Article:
Jul 2, 2019

By Julio Ochoa

More changes are coming for Johns Hopkins All Children's Hospital after a comprehensive outside review delivered several recommendations for improvements.

The hospital underwent the review following a series of reports by the Tampa Bay Times documented problems in the facility’s heart institute, including a mortality rate among the young patients that had tripled between 2015 and 2017. 

Johns Hopkins Health Systems hired an outside law firm -- Gibson, Dunn & Crutcher -- to conduct the review and gave them access to the hospital’s records and employees.

The firm reviewed more than 140,000 documents and conducted 126 interviews.

“The hallmark of an institution's safety culture is how it responds to and corrects errors when they are made,” said Johns Hopkins Health System president Kevin Sowers. “At Johns Hopkins, we are committed to doing everything we can to ensure that what happened never occurs again at any of our hospitals.”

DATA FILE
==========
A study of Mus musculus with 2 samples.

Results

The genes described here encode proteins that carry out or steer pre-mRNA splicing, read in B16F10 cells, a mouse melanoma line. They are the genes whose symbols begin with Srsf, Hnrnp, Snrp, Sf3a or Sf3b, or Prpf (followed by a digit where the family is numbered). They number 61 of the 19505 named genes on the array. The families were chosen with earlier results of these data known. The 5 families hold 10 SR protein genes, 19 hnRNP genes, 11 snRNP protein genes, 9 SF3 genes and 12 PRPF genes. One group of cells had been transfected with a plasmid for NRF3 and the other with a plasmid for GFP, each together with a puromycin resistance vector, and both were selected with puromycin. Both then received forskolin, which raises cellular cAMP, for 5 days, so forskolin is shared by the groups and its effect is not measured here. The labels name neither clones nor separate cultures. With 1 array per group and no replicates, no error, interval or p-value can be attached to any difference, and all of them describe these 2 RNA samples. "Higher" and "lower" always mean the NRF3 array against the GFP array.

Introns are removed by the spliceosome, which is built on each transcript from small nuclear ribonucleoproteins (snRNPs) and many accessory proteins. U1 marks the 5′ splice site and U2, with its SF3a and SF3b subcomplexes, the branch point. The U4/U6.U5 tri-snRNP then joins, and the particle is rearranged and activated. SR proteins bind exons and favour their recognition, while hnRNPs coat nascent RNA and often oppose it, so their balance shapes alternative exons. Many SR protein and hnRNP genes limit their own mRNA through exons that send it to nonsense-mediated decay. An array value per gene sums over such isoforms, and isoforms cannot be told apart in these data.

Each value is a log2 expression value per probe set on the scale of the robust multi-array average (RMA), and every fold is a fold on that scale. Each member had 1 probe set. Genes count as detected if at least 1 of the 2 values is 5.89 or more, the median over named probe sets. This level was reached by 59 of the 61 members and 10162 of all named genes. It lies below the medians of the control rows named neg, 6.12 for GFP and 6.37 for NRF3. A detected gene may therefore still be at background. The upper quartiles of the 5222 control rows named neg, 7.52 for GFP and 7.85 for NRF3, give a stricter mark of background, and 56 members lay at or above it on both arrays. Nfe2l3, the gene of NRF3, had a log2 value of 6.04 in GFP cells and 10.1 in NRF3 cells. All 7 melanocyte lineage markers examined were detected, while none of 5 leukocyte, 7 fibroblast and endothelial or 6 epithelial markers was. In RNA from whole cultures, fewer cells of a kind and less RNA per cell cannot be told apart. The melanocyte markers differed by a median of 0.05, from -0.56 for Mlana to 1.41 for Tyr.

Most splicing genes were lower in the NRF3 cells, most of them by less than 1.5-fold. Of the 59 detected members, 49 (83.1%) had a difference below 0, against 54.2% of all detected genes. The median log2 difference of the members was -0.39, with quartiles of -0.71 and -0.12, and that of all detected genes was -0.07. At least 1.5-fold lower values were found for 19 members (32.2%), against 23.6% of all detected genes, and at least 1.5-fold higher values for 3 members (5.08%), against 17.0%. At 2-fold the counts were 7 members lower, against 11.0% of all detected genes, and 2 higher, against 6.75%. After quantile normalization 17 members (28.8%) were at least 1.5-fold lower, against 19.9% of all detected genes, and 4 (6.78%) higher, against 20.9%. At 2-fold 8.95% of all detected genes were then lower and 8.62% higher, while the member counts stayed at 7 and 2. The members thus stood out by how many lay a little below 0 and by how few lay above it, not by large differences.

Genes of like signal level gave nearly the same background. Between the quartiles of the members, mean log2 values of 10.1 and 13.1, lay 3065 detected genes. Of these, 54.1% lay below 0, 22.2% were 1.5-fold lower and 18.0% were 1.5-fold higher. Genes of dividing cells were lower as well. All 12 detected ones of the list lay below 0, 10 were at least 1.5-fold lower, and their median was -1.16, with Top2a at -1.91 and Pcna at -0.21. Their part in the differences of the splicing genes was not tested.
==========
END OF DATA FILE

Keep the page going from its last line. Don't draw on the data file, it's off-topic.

The recommendations focus on four areas: strengthening the management and culture at the hospital; improving patient safety; standardizing oversight among Johns Hopkins' six hospitals; and reviewing the responsibilities of the boards that oversee the hospital and the health system.

The review recommended a commitment to patient safety and said the "see something, say something" culture is a vital part of that.

The hospital published the report on its website along with a video of Sowers talking about the results.

“Above all, we must work each and every day to support a culture in which each of us is supported and empowered to speak up and speak out,” Sowers said in the video.

He provided a toll free number where employees can anonymously report any issues: 1-844-SPEAK2US.

“If you have any concern about a patient safety issue, misconduct, a legal or unethical behavior or anything else, please call the Johns Hopkins medicine hotline,” Sowers said.

Problems with the hospital's heart institute did not come to light until they were reported in the Times. The stories prompted inquiries by federal and state regulators and led to the resignation of six top officials.